J-K Police Bill no better than AFSPA: PDP chief Mehbooba Mufti

Kashmir police

Cutting across the political divide, clamour is growing in the Valley over the Police Bill, drafted by the J-K government that gives powers to the police similar to that of the Armed Forces Special Powers Act (AFSPA). Saying the Bill will convert J-K into a "lawless state", J-K's main opposition party has said it will oppose it in the present form.

"J-K has the dubious distinction of having been reduced to a police state outside the democratic system of the country but the proposed Bill would actually convert it to a lawless state," Peoples Democratic Party (PDP) President Mehbooba Mufti said. "It is an attempt to institutionalize the dreaded Ikhwan culture in the state. The police in the state definitely is in need of drastic reforms but many provisions in this bill are undemocratic and anti people". Mufti said that her party will oppose the passage of this Bill in "its present form".

Equating the draft Bill with the AFSPA, Mufti said on one hand the government is making noises on scrapping the AFSPA and on the other it is proposing to provide similar immunity and unbridled powers to its own police and taking them out of all civilian control and guidance. "This draft legislation has all the criteria of a systematic undermining of democracy: namely, the abdication of authority to security forces by an elected government, military-style 'civilizing' of civilian society by insultingly presuming to teach them how to stand in line, urinate and defecate," Mufti said. "It also has ring of an effort to appease the muscular nationalists in Delhi with an argument against AFSPA by morphing it into a 'non-military' AFSPA that is supposedly willed by 'the people' of our state".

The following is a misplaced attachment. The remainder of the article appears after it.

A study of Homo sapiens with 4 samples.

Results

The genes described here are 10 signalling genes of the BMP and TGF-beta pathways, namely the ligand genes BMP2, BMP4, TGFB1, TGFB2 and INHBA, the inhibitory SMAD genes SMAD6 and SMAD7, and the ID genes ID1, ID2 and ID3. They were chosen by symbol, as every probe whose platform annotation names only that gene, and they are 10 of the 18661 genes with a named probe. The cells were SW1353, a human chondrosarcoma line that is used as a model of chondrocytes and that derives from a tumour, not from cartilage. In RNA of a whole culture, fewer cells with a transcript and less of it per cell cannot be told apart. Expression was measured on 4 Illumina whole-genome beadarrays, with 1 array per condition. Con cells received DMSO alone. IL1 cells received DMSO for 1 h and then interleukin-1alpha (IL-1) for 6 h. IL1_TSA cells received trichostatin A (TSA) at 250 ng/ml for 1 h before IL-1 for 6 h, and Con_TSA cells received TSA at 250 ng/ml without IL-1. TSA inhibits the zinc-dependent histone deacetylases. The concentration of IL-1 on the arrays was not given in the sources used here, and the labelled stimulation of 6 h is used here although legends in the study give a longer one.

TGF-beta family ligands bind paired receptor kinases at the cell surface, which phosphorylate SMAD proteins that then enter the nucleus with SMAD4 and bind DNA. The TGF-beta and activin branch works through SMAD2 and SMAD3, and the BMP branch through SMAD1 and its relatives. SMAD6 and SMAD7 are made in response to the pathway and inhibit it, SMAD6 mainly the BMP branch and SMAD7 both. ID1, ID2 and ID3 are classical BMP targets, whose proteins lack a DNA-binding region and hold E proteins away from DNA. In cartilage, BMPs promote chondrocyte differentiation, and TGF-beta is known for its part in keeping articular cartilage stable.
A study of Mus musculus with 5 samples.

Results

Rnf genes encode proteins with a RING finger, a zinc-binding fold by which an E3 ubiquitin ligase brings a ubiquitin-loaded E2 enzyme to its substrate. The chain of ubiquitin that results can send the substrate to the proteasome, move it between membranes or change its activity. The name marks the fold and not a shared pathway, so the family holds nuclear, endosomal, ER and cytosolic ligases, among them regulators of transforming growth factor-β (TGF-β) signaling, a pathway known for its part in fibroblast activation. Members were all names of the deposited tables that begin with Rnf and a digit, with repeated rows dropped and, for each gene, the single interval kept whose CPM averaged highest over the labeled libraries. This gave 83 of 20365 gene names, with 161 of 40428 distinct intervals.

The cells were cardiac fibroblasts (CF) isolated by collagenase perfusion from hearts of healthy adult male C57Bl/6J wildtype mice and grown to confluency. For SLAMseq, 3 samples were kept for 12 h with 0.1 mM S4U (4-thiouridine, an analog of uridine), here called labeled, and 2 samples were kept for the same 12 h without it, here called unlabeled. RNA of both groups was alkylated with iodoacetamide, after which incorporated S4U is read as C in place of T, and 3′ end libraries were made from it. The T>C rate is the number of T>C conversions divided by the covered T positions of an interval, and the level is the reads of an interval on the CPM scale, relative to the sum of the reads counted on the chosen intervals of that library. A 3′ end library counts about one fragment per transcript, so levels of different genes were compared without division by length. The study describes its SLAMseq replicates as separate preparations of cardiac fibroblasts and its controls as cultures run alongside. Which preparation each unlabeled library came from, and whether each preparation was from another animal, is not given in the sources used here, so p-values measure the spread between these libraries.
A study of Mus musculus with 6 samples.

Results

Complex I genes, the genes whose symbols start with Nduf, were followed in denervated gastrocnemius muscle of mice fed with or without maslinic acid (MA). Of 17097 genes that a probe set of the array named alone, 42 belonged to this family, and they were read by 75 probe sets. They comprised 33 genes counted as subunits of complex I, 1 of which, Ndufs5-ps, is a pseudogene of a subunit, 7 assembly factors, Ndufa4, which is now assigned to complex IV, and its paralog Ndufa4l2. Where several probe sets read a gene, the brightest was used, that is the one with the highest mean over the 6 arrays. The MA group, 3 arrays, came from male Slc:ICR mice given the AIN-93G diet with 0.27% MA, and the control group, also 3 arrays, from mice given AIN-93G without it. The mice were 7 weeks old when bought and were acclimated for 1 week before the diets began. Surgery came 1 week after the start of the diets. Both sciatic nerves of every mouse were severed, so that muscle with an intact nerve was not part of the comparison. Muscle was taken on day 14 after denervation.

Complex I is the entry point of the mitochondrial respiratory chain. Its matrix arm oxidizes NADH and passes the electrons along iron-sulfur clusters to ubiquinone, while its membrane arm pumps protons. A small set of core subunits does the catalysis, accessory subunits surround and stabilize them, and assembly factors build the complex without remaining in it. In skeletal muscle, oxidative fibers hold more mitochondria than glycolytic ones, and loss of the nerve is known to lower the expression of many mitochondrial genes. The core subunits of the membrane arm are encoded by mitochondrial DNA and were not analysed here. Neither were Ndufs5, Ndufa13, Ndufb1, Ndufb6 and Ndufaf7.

Mufti termed the Bill an attempt of social policing. "If this Bill passed then a person can be jailed for wrong parking, cleaning furniture in a public place, urinating on the road side, not caring for pets, overtaking and breaking a queue for essential supplies" she said. "For a state which doesn't have a single public urinal anywhere and very few parking places, these provisions only point to government's insulting and feudal attitude towards its people".